Alex and John, two of my oldest friends, at the Finnieston railway wall next to the Glasgow expressway. With indoor climbing walls opening up in most cities this way of finger strength training died out around the late 1990s but folk had some good times here. It was free, outdoors, easy to get to in a car on warm summer evenings and I've even climbed here during a spring hail storm, brushing slush off the holds to get a grip. We were really keen then but it came in useful on the higher peaks, knowing how long you can endure cold fingers and testing your abilities.
Good video of the crux pitch here once the camera stops jumping around at the start. Brings back memories this as I remember doing this route in the rain which started once we were off the ground 2 pitches up. I did this pitch soaking wet with Alex or Julian. I think I led the Knight's move pitch as I remember using my hanky to dry the crux moves in advance, something I would not have done, protected as a second.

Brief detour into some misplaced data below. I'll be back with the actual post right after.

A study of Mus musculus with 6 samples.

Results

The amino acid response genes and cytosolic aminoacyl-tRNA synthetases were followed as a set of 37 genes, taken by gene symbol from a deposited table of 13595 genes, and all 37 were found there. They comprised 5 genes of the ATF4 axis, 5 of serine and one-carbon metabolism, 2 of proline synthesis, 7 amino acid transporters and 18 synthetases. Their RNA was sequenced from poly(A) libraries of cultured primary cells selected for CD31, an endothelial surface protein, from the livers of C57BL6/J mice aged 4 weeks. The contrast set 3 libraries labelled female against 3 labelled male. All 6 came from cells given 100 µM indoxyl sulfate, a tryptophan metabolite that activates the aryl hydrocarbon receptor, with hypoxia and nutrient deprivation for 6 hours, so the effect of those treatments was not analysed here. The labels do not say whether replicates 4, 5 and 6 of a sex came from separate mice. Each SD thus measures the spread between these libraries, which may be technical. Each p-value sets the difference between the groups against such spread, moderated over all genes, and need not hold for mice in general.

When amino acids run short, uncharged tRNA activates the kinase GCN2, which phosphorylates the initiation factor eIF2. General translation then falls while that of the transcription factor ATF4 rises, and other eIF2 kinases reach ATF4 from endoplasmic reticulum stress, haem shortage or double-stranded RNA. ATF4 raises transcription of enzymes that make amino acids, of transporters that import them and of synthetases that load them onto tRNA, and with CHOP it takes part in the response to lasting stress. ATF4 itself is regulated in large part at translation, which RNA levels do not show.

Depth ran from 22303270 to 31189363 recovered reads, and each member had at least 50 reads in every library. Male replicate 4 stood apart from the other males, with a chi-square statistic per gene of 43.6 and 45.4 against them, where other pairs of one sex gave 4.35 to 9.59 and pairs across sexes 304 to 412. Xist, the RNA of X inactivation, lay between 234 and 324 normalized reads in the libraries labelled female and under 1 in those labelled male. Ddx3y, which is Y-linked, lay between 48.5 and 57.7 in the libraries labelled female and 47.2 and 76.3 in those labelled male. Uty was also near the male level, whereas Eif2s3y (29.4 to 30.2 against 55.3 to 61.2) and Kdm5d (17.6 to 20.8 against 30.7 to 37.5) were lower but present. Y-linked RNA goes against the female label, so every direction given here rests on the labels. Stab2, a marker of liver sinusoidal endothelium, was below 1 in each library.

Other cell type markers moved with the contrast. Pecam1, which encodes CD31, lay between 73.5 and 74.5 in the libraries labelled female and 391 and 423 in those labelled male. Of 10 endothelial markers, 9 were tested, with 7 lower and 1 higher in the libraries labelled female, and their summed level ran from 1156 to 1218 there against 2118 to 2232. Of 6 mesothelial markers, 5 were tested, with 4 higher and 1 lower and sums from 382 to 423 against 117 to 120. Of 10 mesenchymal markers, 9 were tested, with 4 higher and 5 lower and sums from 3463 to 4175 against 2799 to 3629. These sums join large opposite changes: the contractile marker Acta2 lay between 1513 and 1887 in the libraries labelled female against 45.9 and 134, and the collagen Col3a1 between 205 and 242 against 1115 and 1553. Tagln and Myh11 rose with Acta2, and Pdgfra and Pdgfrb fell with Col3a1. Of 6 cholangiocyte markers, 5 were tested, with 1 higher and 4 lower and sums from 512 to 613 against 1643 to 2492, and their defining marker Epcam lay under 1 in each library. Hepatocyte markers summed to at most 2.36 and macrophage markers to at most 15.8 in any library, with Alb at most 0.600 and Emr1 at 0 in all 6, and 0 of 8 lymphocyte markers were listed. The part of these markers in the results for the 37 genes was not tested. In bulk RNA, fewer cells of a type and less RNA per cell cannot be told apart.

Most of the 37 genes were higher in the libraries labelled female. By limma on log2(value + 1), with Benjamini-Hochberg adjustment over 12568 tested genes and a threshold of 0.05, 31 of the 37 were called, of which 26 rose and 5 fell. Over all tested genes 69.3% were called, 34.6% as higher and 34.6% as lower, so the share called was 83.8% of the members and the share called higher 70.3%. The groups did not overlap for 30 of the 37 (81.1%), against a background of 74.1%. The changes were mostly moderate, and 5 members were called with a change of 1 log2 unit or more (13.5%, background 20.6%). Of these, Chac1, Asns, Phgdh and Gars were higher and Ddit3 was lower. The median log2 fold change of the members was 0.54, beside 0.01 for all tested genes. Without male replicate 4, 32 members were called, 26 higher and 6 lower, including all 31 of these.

Where's a very long selfie stick when you need one!
Obviously, if you are into mountaineering, like us then, you don't need ropes and guides. Just a postcard with a dotted line showing the way up. Worked for us anyway in the alps :o)
Anyone wanting a glimpse into that era when we did Rock Climbing, Kayaking, Skiing, Caving, Cycling, Munro bagging, Back packing, Bothying and Island bagging it's all in this book.
Autohighography. Bob Law. £1:14 pence on kindle A humorous account of the early years from the 1960s to the 1990s. Set in Glasgow, Scotland and Europe. Part Autobiography, Part love story, Part travel guide, Part hidden novel. First three chapters free to read here.